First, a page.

Monday, January 19, 2009

Obama's Other Jeremiah Wright


The illustrious Jeremiah Wright was not invited to Barack Obama’s coronation. But the Rev. Joseph Lowery is an apt substitute.

Lowery, who is scheduled to deliver the benediction when the new president is installed January 20, has paled around with Yasser Arafat and promoted a hodgepodge of leftist causes over the years. The Alabama native won’t outright call Arafat a terrorist but he likens George W. Bush to George Wallace.

Although the selection of Rick Warren to deliver the invocation was widely scrutinized because of his opposition to the gay rights agenda the press has ignored Lowery’s well-documented PLO slumming and fancy for Marxist dictators. The January 14 Washington Post profile of the Methodist minister entirely omitted his far left endeavors.

This is par for the course. Conservative white preachers are generally treated much harsher by the media than their black counterparts. Indeed, the media almost never uses the term Christian left for the likes of Jesse Jackson. He gets the non-ideological label “civil rights leader.”

It would be more accurate to call Lowery a hardcore leftist. In 2006, Lowery turned the funeral of Martin Luther King’s widow Coretta into an anti-Bush rally--with Bush seated on the stage behind him.

Lowery said in his eulogy that, "We know now there were no weapons of mass destruction over there. But Coretta knew and we know that there are weapons of misdirection right down here. Millions without health insurance. Poverty abounds. For war billions more but no more for the poor!"

Like many civil rights leaders Lowery, who founded the Southern Christian Leadership Conference with Martin Luther King in 1957, started off fighting for equal rights under the law for blacks but then drifted off to all sorts of causes entirely disconnected from--and in the case of affirmative action contradicting--Martin Luther King’s goal of a color blind society.

Lowery and other career civil rights activists, whose power and prestige depends on fighting “injustice,” like to say that the country has made progress but has a long way to go before Martin Luther King’s dream of a color blind society. Actually, we don’t.

The nation long ago ended legal discrimination. The 1964 Civil Rights Act barred discrimination in employment and public accommodations. The next year the Voting Rights Act ended the disenfranchisement of blacks. In 1968 housing discrimination was outlawed.

So civil rights leaders sometimes need new causes and one of their favorite in the 1970s was the PLO. In 1979, Andrew Young, the United Stats ambassador to the United Nations a former lieutenant for Martin Luther King, secretly met with the PLO’s representative to the United Nations in violation of US policy that forbid any talks with the PLO. Young was fired. To show their solidarity with Young, Lowery and other civil rights leaders ventured to Lebanon to meet Yasser Arafat.

At their meeting in West Beirut Arafat and the civil rights leaders linked arms to sing the movement’s signature song, “We Shall Overcome.”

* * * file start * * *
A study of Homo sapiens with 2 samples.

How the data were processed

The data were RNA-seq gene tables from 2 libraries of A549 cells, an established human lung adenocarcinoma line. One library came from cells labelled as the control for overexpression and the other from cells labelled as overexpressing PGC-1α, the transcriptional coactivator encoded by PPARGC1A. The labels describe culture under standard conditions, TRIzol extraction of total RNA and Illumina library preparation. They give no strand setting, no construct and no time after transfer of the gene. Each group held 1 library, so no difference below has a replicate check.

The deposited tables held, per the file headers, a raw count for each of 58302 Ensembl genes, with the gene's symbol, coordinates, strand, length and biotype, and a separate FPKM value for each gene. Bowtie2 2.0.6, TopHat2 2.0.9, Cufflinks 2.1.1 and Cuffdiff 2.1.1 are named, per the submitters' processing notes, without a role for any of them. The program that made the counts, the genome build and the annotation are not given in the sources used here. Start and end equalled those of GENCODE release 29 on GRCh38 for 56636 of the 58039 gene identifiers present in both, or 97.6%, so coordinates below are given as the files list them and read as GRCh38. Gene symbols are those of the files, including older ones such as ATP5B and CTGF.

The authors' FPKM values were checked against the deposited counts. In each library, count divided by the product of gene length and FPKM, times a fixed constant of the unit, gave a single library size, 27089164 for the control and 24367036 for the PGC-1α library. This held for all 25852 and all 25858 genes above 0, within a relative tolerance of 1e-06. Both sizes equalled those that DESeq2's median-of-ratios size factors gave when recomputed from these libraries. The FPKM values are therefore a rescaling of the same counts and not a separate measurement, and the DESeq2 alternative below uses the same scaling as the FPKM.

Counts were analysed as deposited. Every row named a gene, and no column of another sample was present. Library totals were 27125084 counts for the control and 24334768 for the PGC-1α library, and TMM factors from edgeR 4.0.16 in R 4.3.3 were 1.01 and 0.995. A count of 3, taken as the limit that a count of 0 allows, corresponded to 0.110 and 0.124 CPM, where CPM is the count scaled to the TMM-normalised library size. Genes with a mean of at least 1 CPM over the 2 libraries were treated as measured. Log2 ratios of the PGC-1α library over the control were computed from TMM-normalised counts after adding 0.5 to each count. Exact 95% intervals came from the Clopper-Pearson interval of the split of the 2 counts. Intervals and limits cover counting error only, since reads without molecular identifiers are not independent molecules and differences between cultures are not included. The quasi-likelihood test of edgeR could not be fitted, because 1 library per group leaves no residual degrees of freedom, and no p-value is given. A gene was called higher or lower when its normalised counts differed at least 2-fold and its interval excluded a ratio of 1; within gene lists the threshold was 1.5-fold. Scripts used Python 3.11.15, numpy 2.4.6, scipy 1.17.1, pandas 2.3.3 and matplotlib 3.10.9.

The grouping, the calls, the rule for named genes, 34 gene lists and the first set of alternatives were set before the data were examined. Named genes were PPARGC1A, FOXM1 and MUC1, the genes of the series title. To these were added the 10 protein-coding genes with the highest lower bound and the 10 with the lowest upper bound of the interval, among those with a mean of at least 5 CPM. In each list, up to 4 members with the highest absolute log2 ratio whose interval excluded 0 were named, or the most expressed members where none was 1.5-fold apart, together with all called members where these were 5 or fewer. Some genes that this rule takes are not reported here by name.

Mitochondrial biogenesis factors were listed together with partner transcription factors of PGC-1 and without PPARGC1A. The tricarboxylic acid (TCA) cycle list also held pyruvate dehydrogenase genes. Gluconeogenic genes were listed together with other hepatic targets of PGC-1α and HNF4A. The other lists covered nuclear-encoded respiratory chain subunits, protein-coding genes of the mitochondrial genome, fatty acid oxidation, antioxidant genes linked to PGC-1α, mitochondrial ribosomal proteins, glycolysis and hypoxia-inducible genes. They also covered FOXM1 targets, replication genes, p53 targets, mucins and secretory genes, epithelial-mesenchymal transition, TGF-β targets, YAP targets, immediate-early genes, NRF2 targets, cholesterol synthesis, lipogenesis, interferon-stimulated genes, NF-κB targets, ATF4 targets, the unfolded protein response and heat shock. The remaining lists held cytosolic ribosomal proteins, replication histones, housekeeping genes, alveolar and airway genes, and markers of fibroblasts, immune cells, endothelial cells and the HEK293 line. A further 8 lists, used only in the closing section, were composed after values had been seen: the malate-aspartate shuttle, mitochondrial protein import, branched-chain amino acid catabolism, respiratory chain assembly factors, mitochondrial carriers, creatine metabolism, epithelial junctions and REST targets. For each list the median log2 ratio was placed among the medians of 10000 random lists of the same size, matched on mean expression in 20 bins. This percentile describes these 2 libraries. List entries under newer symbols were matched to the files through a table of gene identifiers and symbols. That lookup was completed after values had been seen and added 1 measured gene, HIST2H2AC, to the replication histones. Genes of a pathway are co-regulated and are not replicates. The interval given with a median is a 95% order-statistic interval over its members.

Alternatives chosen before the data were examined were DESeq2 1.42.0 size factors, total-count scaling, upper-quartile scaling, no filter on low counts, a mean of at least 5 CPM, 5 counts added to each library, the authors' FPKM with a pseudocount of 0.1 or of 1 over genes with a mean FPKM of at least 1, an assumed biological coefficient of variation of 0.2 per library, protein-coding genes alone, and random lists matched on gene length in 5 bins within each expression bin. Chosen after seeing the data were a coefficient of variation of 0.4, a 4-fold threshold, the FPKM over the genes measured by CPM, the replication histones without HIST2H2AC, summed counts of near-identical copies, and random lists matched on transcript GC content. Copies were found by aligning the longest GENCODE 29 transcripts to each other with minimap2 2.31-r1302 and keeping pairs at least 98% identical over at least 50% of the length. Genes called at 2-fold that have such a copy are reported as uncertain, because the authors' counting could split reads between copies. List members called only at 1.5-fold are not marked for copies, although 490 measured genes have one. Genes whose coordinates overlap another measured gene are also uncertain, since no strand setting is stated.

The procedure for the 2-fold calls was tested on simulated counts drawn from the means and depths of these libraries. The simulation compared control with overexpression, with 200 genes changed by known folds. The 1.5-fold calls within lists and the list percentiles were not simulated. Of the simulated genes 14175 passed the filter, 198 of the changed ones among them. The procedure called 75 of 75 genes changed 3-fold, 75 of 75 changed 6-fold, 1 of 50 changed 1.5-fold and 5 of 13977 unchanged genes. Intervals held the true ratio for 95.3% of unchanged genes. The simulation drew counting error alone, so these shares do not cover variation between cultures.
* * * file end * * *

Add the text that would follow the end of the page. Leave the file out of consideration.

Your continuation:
Afterwards Lowery told the Washington Post that he was pleasantly surprised by Arafat’s charm and charisma. "I expected a mean, brutal, gruff and rough fellow," said Lowery. "In fact, he's a very charming fellow -- very informed, intelligent, an engineer by vocation. He gave us a history of the struggle. He started out softly, and then when he warmed to his task, he got emotional."

Lowery declined to label Arafat a terrorist. But the PLO chieftain himself was a bit more candid in the meeting with Lowery and his comrades. He vowed to continue “our struggle and confrontation inside the occupied territories.”

Lowery and the other ministers then invited their warm and fuzzy friend to visit the United States but Arafat never showed. Instead, in the 1980s Lowery turned his attention to Nicaragua where he supported the Marxist Sandinista government that was battling the US-backed Contras. Lowery even held a reception for Sandinista leader Daniel Ortega in Atlanta, according to religious left expert Marc Tooley.

When not busy schmoozing with Ortega Lowery served on the board of the Christic Institute, which peddled all sorts of conspiracy theories about the United States involvement in Latin America. Lowery took up that cause. In 1996 he called for a Congressional investigation to determine if the US government tried to sell drugs in black neighborhoods to raise money for the Contras.

Arrested outside the DEA headquarters to protest the alleged connection Lowery said "There is evidence inside those buildings that confirms that the CIA helped to destroy black folks. That's called genocide.

Rev. Wright, of course, also traffics in these kind of conspiracy theories. Now wonder that Lowery has told reporters he’s the same kind of preacher as Wright.

These days, Lowery’s heads the Georgia Coalition for the Peoples' Agenda, an advocacy group that seems to take the politically correct view on most every issue. The group claims to favor education empowerment but ignores school choice. It wants shorter sentences for criminals but overlooks the sad spectacle of black on black crime.

Lowery doesn’t seem to focus on much overseas anymore but his prior dalliance with Arafat still makes Mort Klein, president of the Zionist Organization of America, jittery “To have Lowery as part of the inauguration only plays into” concern by Israel supporters “that Obama is going to be less friendly and less sympathetic to Israel’s difficult situation than other presidents have been. I am concerned that a person who is so hostile to Israel is going to participate in a visible way in the inauguration ceremonies.”

Lowery did not respond to interview requests.

Evan Gahr has written about race for the Wall Street Journal, Washington Times and American Spectator.